Small is Beautiful

Alok Mittal
Wednesday, September 30, 2009
Alok Mittal
For years, enterprise buyers have driven technology venture markets. The mantra for success was to create a product or service offering for the Fortune 500 customers – understandably so, since large customers are amenable to efficient sales processes, higher ticket size, and control most of the technology spending. Not anymore. Technology purchasing power is now shifting to smaller customers, and that represents the wave of innovation that we are likely to see over the next many years.

The notion of serving small customers is not new – Web hosting and pay roll outsourcing companies are examples of relatively standardized services that have been offered for some time now. However, the broader range of technology and service offerings has been out of reach for most of these customers. Very often, businesses providing such services are fragmented and locally driven, hence unable to create venture-style returns in most categories.

Small customers have their advantages – they offer significant diversification to revenue, and offer more pricing control than the larger ones. They have also been conventionally underserved. Furthermore, the globalization of buyer base has accentuated the need for such offerings. The key challenge has been lack of a relevant business model – how does one architect the offerings that can be customized for small businesses or even for individual consumers, and how does one take them to the market efficiently. Innovations in business models are enabling these markets across the spectrum, and Canaan is looking to participate in these opportunities.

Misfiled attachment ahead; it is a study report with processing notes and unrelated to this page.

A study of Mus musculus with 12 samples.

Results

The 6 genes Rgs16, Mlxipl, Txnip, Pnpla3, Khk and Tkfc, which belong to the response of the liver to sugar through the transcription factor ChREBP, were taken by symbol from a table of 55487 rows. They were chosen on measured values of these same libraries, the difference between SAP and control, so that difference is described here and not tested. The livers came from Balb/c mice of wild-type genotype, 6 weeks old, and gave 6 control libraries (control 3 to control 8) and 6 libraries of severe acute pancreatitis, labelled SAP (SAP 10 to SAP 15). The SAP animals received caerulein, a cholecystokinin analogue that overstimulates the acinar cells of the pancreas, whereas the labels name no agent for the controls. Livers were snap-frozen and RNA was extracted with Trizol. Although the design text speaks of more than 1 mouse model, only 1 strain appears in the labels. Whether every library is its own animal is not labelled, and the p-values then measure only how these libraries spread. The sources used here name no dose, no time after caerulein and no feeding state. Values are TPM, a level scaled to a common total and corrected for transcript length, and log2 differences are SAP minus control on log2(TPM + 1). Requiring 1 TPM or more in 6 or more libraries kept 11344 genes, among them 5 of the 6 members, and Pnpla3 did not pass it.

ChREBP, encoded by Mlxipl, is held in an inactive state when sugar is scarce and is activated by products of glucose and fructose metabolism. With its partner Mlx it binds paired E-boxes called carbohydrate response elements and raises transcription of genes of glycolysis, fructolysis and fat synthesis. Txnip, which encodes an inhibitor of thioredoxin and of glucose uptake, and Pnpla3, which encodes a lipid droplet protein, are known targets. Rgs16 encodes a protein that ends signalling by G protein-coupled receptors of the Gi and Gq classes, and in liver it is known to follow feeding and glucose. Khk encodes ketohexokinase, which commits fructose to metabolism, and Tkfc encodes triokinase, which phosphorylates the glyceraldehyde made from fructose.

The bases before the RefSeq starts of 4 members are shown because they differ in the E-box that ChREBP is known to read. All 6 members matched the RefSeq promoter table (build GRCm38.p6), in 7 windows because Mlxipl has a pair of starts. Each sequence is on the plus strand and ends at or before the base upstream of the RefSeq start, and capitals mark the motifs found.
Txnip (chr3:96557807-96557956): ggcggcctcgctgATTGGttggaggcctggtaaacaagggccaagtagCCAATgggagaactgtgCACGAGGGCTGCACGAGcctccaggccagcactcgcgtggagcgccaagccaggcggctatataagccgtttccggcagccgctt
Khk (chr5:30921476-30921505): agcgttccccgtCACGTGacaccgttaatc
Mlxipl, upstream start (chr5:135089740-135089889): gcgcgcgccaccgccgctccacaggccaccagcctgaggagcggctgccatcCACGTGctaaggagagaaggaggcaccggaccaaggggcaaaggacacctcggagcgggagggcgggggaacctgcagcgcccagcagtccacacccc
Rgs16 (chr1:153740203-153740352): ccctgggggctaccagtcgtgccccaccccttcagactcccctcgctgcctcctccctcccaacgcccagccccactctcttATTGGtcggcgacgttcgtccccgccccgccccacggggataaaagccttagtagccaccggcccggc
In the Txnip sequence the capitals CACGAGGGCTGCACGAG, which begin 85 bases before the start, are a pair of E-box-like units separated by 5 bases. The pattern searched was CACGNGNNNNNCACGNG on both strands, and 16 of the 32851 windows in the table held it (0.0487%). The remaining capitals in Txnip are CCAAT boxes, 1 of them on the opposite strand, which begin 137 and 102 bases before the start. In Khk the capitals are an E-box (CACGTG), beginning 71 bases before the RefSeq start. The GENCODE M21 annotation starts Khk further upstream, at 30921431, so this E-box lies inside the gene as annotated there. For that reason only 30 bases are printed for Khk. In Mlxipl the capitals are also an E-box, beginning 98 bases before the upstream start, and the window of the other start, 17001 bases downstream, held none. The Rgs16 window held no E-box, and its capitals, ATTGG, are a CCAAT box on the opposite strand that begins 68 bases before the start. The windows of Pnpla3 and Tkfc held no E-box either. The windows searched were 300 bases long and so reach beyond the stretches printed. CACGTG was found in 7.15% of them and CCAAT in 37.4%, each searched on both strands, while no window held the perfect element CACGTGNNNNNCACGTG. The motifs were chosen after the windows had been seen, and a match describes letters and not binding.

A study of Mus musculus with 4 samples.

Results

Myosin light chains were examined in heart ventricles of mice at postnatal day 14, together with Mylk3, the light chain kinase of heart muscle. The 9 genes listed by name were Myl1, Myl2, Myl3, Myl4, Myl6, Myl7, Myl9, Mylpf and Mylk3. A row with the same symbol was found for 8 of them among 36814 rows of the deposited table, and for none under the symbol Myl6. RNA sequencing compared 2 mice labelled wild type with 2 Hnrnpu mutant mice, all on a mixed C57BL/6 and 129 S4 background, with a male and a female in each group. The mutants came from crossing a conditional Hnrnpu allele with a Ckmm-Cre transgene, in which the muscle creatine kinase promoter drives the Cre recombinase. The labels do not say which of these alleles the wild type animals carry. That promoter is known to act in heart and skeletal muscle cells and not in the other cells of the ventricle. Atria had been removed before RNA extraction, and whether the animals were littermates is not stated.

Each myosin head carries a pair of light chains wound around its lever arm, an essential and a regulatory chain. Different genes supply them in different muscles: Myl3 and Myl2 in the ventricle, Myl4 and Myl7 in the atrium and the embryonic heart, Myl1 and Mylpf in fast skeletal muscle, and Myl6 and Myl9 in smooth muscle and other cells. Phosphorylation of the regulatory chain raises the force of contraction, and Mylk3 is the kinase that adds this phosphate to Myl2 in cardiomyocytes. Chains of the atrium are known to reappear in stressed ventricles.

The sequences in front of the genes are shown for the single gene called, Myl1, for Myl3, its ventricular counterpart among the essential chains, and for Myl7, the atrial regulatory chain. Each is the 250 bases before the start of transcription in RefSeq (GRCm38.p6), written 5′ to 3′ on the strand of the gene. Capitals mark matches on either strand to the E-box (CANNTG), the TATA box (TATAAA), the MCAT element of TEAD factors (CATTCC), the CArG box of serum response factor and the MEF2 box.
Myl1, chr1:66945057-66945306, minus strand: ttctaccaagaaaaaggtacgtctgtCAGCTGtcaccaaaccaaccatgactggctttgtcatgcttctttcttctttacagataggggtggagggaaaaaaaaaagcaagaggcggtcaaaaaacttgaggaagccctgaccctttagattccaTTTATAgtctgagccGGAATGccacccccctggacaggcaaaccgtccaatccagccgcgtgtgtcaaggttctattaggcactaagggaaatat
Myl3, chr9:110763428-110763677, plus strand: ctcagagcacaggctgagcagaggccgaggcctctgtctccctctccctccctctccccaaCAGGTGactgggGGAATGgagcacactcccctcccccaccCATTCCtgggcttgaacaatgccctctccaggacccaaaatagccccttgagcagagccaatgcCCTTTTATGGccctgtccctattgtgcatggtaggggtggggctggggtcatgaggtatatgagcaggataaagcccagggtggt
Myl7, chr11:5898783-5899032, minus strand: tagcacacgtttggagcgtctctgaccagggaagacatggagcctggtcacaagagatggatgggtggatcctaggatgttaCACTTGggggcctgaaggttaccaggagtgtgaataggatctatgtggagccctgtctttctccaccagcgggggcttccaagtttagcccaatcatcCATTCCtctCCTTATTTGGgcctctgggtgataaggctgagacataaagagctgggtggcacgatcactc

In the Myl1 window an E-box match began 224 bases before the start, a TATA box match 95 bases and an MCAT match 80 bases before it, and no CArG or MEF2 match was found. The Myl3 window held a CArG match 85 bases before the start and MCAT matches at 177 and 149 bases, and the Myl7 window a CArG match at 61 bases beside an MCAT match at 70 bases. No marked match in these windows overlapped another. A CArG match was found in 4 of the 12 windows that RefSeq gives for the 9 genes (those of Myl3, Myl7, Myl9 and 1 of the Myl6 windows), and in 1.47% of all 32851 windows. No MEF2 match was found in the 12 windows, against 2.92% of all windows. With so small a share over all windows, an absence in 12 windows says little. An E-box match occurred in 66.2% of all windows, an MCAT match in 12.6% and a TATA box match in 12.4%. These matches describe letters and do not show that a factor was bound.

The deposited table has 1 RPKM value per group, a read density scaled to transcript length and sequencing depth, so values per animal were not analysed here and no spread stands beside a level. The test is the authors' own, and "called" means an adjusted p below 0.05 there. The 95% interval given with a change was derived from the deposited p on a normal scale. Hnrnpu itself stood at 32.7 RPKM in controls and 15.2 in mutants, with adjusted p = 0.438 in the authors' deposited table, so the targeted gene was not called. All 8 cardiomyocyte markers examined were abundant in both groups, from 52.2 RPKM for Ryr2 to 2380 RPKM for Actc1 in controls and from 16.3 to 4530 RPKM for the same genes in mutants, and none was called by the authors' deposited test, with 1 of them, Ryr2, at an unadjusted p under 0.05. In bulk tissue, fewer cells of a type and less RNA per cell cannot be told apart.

On the core technology end of the spectrum, hosted software and cloud computing are areas that represent this trend. The computing infrastructure of the world is getting redesigned to provide more flexibility to customers. Small businesses can now get access to world-class infrastructure and software, and can dynamically scale their capacity, rather than having to incur huge capital investments. Provisioning of such infrastructure requires significant technology development; and some of the companies such as Success Factors, Soasta, and Virsto are helping create that future.

At the other extreme, services are also being reconfigured to suit the requirements of smaller businesses and individual consumers. Often delivered through a global workforce, these services are becoming more and more platform driven, and provide configurability not very dissimilar from that provided by hosted software. An example on the business side is our investment in UnitedLex, which is bringing the benefits of high end legal consulting and outsourcing to smaller clients. On the consumer front, iYogi aims to provide top end computer support to millions of consumers through a personalization platform.